Confused yet? It can be hard to determine what kind of strike you naturally have, unless you watch yourself run on tape or have someone with a trained eye observe you. That’s why, if you’re serious about running, it’s important to get shoes based on your foot strike—or the kind of strike you’d like to develop. It’s not something to lose sleep over—as long as you’re wearing good shoes and being conscious of your body you probably won’t get injured—but it is something to think about the next time you’re on the trail.

In studies done on Olympic athlete runners, they actually haven’t found that one type of foot strike necessarily makes you faster than another, and that athletes vary in the types of strikes they have.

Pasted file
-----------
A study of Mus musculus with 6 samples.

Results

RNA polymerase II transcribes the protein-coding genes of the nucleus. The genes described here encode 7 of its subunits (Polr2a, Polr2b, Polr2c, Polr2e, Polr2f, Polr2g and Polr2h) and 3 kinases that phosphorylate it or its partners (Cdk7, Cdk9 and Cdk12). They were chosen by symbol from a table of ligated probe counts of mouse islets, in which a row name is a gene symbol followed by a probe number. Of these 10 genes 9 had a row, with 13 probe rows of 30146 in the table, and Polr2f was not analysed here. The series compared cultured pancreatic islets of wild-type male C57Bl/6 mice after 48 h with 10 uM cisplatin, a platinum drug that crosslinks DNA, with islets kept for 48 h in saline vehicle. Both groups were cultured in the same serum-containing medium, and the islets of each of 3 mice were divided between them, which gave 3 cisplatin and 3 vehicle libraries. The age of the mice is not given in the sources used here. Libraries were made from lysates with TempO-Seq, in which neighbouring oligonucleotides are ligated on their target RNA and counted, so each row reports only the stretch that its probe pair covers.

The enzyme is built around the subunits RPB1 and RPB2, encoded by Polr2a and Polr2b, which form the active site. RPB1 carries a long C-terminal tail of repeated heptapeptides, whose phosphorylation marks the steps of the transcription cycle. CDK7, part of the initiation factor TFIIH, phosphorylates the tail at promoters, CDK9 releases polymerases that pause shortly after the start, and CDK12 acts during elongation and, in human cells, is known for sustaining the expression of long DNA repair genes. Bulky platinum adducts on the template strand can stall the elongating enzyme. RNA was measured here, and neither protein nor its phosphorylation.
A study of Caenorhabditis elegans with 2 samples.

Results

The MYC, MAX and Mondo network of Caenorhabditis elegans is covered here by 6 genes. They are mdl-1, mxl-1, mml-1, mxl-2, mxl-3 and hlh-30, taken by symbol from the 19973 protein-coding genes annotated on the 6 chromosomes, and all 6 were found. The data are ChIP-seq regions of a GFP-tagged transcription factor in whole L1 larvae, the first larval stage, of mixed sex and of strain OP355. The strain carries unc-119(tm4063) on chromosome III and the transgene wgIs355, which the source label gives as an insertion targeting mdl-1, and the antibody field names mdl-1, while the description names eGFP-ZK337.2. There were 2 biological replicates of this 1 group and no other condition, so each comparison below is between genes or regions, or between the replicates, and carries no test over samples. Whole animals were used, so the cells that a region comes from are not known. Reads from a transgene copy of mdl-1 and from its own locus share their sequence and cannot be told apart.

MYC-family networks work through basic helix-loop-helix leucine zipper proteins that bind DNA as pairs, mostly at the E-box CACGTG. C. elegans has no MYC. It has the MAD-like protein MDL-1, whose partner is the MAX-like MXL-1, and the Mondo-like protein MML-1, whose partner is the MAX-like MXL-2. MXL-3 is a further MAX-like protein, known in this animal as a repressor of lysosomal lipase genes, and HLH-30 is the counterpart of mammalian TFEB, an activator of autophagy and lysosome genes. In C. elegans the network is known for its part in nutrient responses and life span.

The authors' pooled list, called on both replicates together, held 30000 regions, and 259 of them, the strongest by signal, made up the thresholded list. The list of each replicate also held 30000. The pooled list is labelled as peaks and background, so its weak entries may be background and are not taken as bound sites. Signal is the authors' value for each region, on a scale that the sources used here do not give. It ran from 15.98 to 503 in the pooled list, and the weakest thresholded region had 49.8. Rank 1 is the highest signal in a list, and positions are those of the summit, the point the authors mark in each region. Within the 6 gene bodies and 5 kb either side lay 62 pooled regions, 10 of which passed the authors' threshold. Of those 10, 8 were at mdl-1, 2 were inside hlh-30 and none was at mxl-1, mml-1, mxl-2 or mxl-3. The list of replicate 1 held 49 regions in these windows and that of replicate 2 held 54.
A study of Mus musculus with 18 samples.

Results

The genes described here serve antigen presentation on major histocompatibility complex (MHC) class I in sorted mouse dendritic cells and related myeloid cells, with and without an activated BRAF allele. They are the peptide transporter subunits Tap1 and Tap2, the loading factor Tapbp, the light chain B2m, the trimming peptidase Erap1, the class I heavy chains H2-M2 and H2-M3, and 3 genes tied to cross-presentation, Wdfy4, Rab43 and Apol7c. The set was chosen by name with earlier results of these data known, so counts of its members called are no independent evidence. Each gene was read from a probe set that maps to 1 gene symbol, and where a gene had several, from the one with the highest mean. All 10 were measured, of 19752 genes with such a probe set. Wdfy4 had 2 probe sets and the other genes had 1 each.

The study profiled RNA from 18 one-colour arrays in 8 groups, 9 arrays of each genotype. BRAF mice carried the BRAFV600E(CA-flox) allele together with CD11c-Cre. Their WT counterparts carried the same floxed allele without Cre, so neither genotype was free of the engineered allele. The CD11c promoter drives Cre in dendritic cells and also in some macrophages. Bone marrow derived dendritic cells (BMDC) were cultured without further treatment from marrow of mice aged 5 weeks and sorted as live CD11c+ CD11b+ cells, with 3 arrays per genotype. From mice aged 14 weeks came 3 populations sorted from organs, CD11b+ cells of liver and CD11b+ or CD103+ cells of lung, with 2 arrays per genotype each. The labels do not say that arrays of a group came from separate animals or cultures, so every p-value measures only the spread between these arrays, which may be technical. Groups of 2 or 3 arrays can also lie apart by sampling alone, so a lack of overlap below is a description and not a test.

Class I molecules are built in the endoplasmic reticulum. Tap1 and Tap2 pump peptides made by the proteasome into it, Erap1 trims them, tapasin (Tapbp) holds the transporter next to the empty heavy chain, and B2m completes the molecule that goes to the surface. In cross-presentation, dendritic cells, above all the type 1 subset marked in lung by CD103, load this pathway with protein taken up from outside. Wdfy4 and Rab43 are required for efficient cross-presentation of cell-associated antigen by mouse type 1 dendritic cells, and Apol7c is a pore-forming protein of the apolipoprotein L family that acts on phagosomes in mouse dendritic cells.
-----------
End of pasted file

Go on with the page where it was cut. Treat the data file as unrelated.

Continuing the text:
So what’s the verdict? Is there one right foot strike for everyone? The answer seems to be no. One thing experts can usually agree on is that you should run in the way that feels natural for you.


    Landing on the toes/midfoot will be smooth because the foot and leg can ‘roll out’ the power of the impact.

    Same when you make a Judo/Karate jump and roll..if you roll and ‘roll out’ the impact of your landing you can endure a much harder impact than when you land straight on your feet..ouch…

    Spreading the force of the impact over a larger area, no matter if over the foot during running or over the whole body when making a jump and roll, is the ‘secret’ to less pain.

    Shoes will always change ‘the impact’ and running on the toes may not feel comfortable with some shoes, so better try them out in the shop.

  2. The “Girl on Trail” series is great, especially this story! Thanks Frugivore!

    When I was training for the marathon 2 years ago, I got injured around mile 15. I see now that it probably had something to do with the WAY I was running (ie my foot strike). I can’t wait to start running again, now properly.